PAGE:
Simplification to a “universal” dissolution test

It is often considered to be highly unlikely, if not impossible, to have a universal dissolution test. Let us explore whether this is a myth or reality?

Most commonly used dissolution methods are those described in the USP monographs (500+) and FDA database (500+). Examined closely, one observes that the majority (~76%) of the tests employ a paddle apparatus at 50 rpm (see US FDA database). Evaluation of USP monographs most likely would also lead to the same conclusion.

As for the dissolution medium, majority (~60%) of the tests employs water or aqueous based buffers in the pH range of 5 to 7.

If one considers the two previous practices together, it appears that we already have a “sort of” universal test which is paddle at 50 rpm using medium having pH in the range 5 to 7, which may be water or a buffer. Furthermore, it should also be noted that these conditions are commonly applied for both IR and ER products. Then why do not we use these “universal” test conditions, and have so many (hundreds) sets of dissolution experimental conditions?

One of the most common deficiencies in using this set of experimental conditions is that the results obtained are often slower and highly variable than expected. This is a normal and expected behavior of paddle spindle as the spindle rotation speed of at 50 rpm does not provide efficient product/medium interaction (figure) and movement of solvent (medium) upwards. The issue in this lies with one of the suggestions to address this limitation, which is to increase the rpm. Therefore a significant number (~18%) of tests are conducted at higher rpm of 75-100. However, there are no established criteria available to select an appropriate rpm, other than to obtain the expected dissolution characteristics of the product. Therefore, an analyst has to select a higher spindle rotation speed (rpm) arbitrarily. Interestingly, this practice of selecting the higher rpm is contrary to the popular belief/recommendation that a desirable characteristic of a dissolution test is that it should be discriminating. It is a well established fact that at a higher rpm the test becomes less discriminating. Therefore, the suggestion of changing the rpm lack scientific merit as well as adds randomness to the test by selecting an arbitrary rpm or experimental condition.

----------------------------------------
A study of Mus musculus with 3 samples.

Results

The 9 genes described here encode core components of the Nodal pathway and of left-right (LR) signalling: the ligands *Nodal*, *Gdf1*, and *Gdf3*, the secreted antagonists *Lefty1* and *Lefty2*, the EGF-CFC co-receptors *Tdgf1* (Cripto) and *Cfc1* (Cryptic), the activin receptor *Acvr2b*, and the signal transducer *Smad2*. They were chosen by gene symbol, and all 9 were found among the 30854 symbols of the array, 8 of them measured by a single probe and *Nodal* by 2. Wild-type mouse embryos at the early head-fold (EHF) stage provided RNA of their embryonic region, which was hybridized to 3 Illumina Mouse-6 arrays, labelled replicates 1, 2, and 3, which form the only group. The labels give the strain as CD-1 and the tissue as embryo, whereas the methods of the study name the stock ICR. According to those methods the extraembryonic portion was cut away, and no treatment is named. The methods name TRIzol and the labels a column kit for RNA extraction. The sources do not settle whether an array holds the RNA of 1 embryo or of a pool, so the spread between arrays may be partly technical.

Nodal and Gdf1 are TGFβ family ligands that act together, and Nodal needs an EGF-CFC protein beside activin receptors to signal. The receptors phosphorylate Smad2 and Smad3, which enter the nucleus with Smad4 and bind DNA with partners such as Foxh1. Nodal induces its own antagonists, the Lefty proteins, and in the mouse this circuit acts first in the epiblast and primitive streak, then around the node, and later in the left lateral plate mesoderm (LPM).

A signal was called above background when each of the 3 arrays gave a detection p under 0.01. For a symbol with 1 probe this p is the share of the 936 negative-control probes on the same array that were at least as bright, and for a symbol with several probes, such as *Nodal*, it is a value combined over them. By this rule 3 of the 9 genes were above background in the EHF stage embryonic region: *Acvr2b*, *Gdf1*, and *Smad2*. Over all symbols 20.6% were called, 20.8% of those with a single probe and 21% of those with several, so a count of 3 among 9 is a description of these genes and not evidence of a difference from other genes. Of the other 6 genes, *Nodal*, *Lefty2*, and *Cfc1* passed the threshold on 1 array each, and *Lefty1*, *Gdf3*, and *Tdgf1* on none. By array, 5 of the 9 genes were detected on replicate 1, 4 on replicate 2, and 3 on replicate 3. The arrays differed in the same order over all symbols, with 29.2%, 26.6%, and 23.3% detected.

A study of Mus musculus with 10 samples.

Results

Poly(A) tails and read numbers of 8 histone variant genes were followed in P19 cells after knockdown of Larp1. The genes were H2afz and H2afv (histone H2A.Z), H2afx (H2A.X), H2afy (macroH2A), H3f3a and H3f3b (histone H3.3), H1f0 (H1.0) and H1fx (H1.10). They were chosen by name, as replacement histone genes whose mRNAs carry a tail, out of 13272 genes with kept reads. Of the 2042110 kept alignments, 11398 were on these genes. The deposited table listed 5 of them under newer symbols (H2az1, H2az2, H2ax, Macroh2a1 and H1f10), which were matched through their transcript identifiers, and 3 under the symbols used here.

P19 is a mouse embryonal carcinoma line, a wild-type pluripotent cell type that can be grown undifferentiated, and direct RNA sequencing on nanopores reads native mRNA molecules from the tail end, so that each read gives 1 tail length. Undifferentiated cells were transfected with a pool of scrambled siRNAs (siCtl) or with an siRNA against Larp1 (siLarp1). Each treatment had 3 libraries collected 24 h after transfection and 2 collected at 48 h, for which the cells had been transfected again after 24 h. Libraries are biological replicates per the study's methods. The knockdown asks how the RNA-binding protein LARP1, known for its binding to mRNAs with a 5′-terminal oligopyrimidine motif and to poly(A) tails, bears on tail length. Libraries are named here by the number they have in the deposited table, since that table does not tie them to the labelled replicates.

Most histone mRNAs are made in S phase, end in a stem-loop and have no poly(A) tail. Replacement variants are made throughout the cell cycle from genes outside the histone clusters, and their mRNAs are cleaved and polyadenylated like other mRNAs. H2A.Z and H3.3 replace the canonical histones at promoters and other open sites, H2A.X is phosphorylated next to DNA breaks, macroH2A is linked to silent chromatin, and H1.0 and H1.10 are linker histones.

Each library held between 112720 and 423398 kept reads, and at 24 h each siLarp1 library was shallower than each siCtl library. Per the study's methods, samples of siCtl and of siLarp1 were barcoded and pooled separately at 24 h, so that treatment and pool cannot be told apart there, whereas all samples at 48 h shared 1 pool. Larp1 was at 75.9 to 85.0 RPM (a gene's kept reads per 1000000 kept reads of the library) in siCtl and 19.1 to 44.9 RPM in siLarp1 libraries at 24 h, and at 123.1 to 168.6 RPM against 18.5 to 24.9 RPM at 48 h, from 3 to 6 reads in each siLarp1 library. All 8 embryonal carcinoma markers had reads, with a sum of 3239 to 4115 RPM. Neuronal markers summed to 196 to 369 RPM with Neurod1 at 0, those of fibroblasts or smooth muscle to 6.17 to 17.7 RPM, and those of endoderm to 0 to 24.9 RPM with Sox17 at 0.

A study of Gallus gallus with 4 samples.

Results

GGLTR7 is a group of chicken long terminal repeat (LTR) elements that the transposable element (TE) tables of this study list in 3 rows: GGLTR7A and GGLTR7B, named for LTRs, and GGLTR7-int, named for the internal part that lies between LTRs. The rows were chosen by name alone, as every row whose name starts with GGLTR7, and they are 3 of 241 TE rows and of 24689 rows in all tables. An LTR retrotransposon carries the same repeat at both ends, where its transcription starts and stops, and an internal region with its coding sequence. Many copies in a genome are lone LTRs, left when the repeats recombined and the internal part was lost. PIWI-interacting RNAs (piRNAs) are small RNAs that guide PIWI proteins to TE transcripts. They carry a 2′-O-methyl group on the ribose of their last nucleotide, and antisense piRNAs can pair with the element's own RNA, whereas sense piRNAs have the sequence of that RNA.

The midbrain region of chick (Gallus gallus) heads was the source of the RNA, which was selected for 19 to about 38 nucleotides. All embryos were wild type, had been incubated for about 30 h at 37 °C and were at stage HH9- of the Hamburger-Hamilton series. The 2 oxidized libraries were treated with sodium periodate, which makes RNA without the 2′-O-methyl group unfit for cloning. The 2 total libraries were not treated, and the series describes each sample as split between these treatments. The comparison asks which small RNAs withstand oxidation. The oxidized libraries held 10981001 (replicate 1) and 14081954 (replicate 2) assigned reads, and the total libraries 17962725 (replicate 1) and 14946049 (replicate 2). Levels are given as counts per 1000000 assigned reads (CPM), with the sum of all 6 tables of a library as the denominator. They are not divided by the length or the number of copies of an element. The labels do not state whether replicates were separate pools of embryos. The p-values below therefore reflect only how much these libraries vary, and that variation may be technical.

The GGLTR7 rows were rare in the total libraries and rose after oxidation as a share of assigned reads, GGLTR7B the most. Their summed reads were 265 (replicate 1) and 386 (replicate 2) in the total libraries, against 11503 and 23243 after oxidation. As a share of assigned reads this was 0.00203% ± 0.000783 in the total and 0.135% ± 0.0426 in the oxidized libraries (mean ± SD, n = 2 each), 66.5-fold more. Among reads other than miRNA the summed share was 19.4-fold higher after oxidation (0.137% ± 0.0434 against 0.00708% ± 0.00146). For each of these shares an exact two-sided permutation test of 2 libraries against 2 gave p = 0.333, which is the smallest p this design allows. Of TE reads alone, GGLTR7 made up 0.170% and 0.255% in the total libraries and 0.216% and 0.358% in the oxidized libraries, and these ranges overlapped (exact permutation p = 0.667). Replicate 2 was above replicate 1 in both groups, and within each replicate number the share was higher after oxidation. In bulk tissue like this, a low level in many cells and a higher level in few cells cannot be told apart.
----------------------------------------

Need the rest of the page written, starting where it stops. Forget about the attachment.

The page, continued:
On the other hand, regarding the other variables of pH and nature of the buffer used for the testing, it is very difficult to explain. At best, it can be said that choices are random and arbitrary as well, again the criteria of selecting these variables are to achieve expected dissolution behavior, perhaps by adjusting the solubility/wetting characteristics of the product. This choice is often made by trial and error approach and without a clear and defined objective.

In short, it can be said that the commonly suggested or popular experimental conditions are paddle rotating at 50 rpm with a medium (water or buffer) having pH 5-7. However, when one does not achieve expected dissolution results, which is often the case, then analysts are free to select a different condition. This practice creates randomness and arbitrariness in the testing, which is currently reflected in the availability of such a large number of dissolution test conditions.

On the other hand, if one would use a different stirrer, crescent-shaped spindle is one such example, which provides improved stirring and mixing then issues using paddle would be addressed. Indeed, it has been demonstrated with the use of crescent shaped spindle, even at lower rpm of 25, many products can be analyzed using a single set of test conditions. The suggested “universal” set of experimental conditions is rpm=25 with water as a medium.

In conclusion, a universal dissolution test approach is already being used/suggested, however, it success has not be materialized because of the poor mixing/stirring aspect of the spindle. If this flaw is addressed, such as with the use of crescent-shaped spindle, then development of a universal dissolution test appears a genuine possibility.